The Manhattan-Ogden school district (USD 383) became the first local school district in Kansas to reject the state science standards adopted by the Kansas state board of education in November 2005. At its meeting on February 15, 2006, the USD 383 board of education voted 6-0 to adopt a resolution that endorses the original writing committee's description of science as "a human activity of systematically seeking natural explanations for what we observe in the world around us."
The resolution continues, "The Science Standards that use this definition will be used in science curricula in all appropriate USD 383 K-12 science courses. USD 383 does not support the redefinition of science included in the Science Standards passed by the Kansas State Board of Education on November 8, 2005; this document changed the definition of science to allow non-natural (including supernatural) explanations of natural phenomena."
In rejecting the standards, USD 383 joins a host of critics, including a group of 38 Nobel laureates (PDF), the National Science Teachers Association, the National Academy of Sciences, the American Association for the Advancement of Science, the American Institute for Biological Sciences, the committee that wrote the original standards, and the Kansas Association of Teachers of Science.
The resolution was originally proposed to the board on February 1, 2006, by over 150 science, mathematics, and engineering faculty and staff at Kansas State University, who argued that adopting the redefinition of science contained in the adopted version of the state science standards would not only affect the quality of science education in USD 383 but also threaten the efforts of the university and of local business to recruit highly qualified professionals.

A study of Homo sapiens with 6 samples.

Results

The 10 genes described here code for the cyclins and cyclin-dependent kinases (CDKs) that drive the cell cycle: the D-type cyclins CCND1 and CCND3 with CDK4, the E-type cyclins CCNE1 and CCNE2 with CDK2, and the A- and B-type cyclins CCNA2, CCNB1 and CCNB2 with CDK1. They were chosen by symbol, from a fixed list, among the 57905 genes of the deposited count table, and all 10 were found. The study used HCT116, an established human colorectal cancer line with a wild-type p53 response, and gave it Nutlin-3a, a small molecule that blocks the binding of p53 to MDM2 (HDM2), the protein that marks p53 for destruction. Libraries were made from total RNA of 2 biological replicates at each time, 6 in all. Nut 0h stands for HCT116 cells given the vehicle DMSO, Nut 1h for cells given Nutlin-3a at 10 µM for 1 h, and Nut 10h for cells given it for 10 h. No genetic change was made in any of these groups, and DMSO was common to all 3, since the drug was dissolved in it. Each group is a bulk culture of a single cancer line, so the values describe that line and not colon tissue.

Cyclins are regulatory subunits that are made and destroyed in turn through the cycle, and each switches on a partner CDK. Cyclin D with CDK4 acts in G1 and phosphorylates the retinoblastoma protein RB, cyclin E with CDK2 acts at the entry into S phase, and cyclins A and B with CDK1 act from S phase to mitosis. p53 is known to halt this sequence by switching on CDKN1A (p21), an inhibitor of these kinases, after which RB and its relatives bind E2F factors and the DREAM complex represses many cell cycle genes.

In addition, the proponents of the resolution argued, "The changes made to the science standards are based on the utterly false belief that evolutionary science, and the scientific method itself, is based on an atheistic philosophy. Promoting this false conflict between science and faith erects unnecessary barriers to student learning, discourages many students from pursuing careers in the sciences, and perpetuates public misunderstandings of the nature and conclusions of science."
USD 383 superintendent Bob Shannon told [Link broken] the Kansas State Collegian (February 16, 2006) that it is unlikely that the adoption of the resolution will have any financial or legal ramifications for the district. Board member Beth Tatarko added that in fact accepting the state standards might be financially and legally precarious, citing the outcome of Kitzmiller v. Dover: "If we had someone in our district teaching Intelligent Design right now, those costs would come back to us."
Mike Herman, a Kansas State University biology professor who originally presented the board with the resolution, told the Collegian, "The board made a bold move tonight by accepting and approving the resolution." Expressing his hope that other school districts across Kansas will follow in the steps of USD 383, he added, "It's important for the students of Manhattan, and it could be important for the state of Kansas in the end."